I would be the first one to admit I may not be an expert on the topic of function over fashion. I for sure wear skirts all summer while camping and the first thing I choose to throw on in the morning is some type of dress. Really it’s because with a dress you only have to put one thing on, not try to coordinate anything with anything else. See? You thought I was high maintenance. I’m really just lazy. Ha!
So I admit to being a girlie girl and loving clothes and enjoying the creativity involved with getting dressed. I do. But seriously, what I saw walking to high school today after dropping my boys off at the middle school that is only one football field away, I was ….what’s the right word….shocked? No…sad. Yeah. I was sad.
I have 3 boys and I like to think that I’ve raised them to be gentlemen. From their very early years (we’re talking year one!) we have insisted that they treat all girls, in their age range-ish, like sisters. This means sticking up for them should they be getting picked on, as you would your sister. (If they had one) This means speaking respectfully and appropriately in front of them, as they would a sister (or mama, or grandma). This means speaking respectfully OF them, as they would a sister. (the words hottie or chick will simply not fly in this house, nor will books like diary of a wimpy kid which use this kind of language towards girls) And perhaps stressed the most, it means looking at them like they would a sister. If they wouldn’t want to see a sister dressed a certain way, they should not be staring at other girls dressed that way.
I know they get this. I see them all turn their gaze to the Purdy’s chocolate store as we walk by La Senza in the mall with their larger than life posters of vivaciously seductive women and their intoxicating…um, parts. They know that bouncing their eyes is not a natural response, but a learned one and they’ve learned it well. I’d like to give my boys props for this. A shout out. A standing ovation, even.
But dear lord almighty, how, oh how, are they going to be able to do this through high school? With what I saw today? I consider it almost impossible.
Now before you get all, ra ra girls can wear whatever they want and boys need to learn to control themselves on me let me just state that in a perfect world, yes. That would be true. Might I also state that we live in a fallen world. End of story.
I lost count of how many pairs of heels I saw walking to high school today. Like, high heels. HIGH, high heels. Truth be told I feared also for the girls safety as they walked the uneven pavement on the sidewalk and held the railing as they teetered down the stairs. But it wasn’t only the heels. If they were paired with jeans or a muu-muu I’d probably be fine with them taking their life in their hands as they navigate the hallways on 3 inches. I might throw up my hands and delcare impractical but have at ‘er. But we’re talking heels with short shorts. Like bootylicious, don’t bend over shorts. And skirts. Skirts with just a little bit of flip to them so that when they walk there’s a certain bounce. Heaven help them should they have to get something from the bottom of their locker. Actually, no. They made the choice to leave the house clad this way. Heaven help the boys around them should they have to get something from the bottom of their locker!!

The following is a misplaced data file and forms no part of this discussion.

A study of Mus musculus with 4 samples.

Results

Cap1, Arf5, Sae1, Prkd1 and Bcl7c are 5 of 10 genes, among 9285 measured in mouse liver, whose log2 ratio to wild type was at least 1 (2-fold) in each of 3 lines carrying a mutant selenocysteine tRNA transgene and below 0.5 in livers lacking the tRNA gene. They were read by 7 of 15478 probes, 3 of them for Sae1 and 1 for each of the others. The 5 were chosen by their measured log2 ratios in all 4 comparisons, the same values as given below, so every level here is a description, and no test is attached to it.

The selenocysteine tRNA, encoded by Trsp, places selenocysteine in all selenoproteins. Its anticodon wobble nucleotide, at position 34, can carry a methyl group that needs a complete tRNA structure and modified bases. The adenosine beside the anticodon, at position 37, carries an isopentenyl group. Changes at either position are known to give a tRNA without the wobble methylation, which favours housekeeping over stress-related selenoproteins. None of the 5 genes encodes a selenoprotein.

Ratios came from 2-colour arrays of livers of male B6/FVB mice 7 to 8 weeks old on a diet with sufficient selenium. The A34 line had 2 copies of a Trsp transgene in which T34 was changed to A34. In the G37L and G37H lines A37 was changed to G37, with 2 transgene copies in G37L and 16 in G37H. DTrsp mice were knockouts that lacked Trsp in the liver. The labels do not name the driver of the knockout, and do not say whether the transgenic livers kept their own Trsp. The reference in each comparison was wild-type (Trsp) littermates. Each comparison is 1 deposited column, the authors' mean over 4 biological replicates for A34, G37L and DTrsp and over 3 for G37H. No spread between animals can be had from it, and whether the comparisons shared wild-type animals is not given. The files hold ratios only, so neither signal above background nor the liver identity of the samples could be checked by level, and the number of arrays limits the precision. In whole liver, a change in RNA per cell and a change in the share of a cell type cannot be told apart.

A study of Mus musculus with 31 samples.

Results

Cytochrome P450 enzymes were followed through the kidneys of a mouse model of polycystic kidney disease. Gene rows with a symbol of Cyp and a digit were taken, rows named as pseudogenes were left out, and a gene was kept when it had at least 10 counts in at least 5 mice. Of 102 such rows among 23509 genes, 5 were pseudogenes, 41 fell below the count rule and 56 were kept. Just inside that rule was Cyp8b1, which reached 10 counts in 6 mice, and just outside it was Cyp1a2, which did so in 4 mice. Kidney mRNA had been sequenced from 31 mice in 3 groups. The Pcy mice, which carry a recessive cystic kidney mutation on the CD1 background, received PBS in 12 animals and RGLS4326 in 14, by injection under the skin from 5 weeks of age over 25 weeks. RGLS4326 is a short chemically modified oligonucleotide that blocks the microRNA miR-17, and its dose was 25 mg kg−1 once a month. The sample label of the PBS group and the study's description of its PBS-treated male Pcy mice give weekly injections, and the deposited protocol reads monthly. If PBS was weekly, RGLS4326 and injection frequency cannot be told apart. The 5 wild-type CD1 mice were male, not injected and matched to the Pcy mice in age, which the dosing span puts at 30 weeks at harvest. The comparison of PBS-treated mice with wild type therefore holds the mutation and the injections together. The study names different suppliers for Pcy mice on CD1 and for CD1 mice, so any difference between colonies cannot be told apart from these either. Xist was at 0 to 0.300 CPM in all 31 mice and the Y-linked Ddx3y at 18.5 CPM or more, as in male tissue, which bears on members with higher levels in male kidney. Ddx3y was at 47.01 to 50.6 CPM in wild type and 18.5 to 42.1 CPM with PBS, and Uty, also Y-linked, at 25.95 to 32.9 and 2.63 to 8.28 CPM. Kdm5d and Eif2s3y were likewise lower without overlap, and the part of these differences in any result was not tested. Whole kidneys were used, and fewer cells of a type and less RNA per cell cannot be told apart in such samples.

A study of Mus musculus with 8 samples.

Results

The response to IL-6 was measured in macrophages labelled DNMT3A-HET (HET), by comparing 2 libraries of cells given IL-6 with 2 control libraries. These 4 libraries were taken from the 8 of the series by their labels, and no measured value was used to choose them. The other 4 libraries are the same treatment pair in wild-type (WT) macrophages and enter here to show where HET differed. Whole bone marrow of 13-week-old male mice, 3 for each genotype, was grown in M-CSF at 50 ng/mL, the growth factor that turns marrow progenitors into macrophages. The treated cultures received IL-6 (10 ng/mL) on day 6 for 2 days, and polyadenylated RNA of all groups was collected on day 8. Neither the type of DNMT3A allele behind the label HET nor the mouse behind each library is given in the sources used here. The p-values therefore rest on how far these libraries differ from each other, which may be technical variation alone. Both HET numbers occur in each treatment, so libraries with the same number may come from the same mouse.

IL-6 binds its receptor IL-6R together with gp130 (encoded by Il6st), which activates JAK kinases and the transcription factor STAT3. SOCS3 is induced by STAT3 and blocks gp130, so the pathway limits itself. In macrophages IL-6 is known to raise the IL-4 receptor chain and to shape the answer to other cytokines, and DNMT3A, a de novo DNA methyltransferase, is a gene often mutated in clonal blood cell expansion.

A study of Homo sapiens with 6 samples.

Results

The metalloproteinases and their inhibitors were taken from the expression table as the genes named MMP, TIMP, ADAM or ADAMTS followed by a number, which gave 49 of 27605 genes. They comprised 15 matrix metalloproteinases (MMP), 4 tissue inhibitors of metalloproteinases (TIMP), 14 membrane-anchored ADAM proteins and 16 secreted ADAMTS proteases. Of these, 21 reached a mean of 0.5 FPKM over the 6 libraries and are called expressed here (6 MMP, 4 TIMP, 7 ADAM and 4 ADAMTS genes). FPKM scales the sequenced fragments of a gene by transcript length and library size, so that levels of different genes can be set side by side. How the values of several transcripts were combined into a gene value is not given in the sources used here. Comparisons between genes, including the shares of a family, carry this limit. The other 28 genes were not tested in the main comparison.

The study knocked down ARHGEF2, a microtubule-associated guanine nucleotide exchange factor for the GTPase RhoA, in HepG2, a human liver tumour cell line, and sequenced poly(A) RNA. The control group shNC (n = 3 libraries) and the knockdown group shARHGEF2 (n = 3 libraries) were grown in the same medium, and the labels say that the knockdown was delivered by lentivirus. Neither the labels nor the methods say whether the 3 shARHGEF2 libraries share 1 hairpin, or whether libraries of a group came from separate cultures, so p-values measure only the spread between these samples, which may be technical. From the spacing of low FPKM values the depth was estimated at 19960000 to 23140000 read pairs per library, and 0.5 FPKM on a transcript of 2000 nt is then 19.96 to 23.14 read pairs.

I know the topic of girls wanting to draw attention is bigger than I’ll take the time for here. What I really wanted to do was to offer a round of applause to all of the boys (and men) in this world who navigate middle school and high school (or workplace) halls with dignity. I want to say that given the scenery you deserve a medal. I know that it’s not easy and I get that the girls are not making it easy but stay strong. Stay respectful, even when it seems like respect is not what they’re going for.
And mama’s of boys? I implore you to have these conversations with your kids. Encourage them to keep on. They need to hear it from us. They need to learn it from their dad’s. They need to know that we are proud of them. We see it, what they see. Their ability to look away if they must, or stare that girl straight in the eye when having a conversation, to treat her with respect and dignity and like they would a sister? We’re proud of that. And then give them ice cream before dinner, just because. They deserve it.